Rapid adoption in the developing world will fuel a boom in mobile payments over the next three years, with global transaction volumes reaching $250 billion in 2012, according to a report from Arthur D Little.
The firm predicts a 68% per annum increase in transaction volume to 2012 but in developed countries the rate of growth will be just 56% compared to 76% in emerging markets. By 2012, developing countries will account for 65% of total transaction volumes.
The report says that in developed countries m-payment services will not substitute existing systems, as mass adoption will be limited to niche segments. Meanwhile, despite the hype, contactless NFC payments will not take off in this market until at least 2011.
In contrast, m-payment services will become the first widespread, cashless transaction system in emerging markets, with the focus on low value, high volume transactions.
Remittances will be an important factor in driving transaction volume and also spur cross-border cooperation among providers.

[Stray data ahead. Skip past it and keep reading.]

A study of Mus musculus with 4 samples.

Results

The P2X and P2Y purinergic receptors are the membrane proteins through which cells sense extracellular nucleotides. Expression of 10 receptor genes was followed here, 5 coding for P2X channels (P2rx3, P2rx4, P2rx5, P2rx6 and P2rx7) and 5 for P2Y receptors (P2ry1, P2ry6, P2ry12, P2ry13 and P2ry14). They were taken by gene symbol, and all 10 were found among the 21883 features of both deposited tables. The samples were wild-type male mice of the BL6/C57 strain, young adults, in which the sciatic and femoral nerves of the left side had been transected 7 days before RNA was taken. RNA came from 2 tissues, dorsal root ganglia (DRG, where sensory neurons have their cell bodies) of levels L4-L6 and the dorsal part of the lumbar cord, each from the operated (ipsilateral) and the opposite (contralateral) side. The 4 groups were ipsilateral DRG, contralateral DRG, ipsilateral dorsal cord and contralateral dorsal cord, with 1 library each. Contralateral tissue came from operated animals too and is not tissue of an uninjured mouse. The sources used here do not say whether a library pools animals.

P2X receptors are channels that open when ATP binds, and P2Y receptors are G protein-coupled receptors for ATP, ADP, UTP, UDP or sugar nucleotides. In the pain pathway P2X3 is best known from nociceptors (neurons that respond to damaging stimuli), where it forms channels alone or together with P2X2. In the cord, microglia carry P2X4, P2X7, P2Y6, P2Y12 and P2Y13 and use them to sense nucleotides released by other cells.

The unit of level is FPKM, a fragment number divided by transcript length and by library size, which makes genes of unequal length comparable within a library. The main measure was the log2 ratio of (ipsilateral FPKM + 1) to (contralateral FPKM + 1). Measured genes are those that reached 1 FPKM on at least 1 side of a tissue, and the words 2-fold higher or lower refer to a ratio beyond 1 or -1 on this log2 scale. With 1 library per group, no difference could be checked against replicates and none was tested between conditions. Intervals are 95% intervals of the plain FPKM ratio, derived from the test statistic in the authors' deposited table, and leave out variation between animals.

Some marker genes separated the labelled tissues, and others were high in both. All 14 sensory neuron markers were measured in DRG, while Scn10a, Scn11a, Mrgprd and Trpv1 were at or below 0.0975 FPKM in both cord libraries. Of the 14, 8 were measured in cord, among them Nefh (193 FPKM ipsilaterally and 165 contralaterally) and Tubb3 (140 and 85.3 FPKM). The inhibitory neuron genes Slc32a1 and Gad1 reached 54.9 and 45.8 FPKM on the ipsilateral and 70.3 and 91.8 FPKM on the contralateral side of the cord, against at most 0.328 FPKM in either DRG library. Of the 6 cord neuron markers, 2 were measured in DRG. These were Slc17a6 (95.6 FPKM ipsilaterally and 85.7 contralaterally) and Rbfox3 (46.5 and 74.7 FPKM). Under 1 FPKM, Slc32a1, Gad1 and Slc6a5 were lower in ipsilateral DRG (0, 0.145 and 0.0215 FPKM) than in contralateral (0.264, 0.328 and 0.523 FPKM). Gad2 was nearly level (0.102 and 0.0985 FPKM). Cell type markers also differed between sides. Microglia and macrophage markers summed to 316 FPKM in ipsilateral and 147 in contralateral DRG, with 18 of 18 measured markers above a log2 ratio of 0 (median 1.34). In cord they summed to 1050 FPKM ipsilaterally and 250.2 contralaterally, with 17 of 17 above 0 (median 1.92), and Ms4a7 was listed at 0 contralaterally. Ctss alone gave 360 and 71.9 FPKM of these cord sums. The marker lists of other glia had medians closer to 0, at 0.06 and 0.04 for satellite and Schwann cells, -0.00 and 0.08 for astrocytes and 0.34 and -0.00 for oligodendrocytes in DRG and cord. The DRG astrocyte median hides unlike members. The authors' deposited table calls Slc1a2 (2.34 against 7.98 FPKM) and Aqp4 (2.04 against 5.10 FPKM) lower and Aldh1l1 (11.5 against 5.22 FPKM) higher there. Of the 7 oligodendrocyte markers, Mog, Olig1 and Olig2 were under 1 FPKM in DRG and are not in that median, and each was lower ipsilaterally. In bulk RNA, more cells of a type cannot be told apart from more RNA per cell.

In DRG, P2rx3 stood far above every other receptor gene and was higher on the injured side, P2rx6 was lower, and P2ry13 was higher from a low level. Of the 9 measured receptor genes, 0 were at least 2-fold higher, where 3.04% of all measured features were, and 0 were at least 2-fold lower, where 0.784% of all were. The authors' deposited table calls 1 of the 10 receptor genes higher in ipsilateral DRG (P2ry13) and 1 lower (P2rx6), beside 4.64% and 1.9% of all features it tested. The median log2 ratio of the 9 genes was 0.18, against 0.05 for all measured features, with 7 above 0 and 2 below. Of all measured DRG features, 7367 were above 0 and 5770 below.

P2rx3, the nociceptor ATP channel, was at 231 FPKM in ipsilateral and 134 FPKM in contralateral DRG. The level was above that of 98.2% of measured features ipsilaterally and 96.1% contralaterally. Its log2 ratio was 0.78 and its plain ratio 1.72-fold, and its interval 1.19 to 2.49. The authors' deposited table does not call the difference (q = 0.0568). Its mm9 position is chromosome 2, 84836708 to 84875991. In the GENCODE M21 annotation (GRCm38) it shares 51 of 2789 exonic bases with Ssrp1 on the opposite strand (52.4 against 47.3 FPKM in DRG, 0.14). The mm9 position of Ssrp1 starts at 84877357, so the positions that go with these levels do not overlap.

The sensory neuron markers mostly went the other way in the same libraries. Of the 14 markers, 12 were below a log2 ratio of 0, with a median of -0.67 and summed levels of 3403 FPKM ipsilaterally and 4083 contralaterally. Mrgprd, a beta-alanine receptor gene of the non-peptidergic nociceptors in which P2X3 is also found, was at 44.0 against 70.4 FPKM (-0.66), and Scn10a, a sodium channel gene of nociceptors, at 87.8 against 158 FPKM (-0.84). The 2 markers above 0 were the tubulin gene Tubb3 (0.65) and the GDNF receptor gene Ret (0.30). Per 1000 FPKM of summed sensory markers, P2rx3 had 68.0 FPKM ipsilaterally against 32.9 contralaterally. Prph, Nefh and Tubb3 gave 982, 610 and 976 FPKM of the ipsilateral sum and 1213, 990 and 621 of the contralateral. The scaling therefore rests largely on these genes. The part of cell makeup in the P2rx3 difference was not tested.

After an initial period of competition between m-payments providers, there has been a move to improve cooperation and interoperability among providers over the last year.
In February the GSMA, which represents the interests of the worldwide mobile communications industry, and the Bill & Melinda Gates Foundation announced a programme that aims to expand the availability of financial services to millions of people in the developing world through mobile phones.
The Mobile Money for the Unbanked programme, supported by a US$12.5 million grant from the foundation, will work with operators, banks, microfinance institutions, government and development organisations to encourage the expansion of mobile financial services to the unbanked.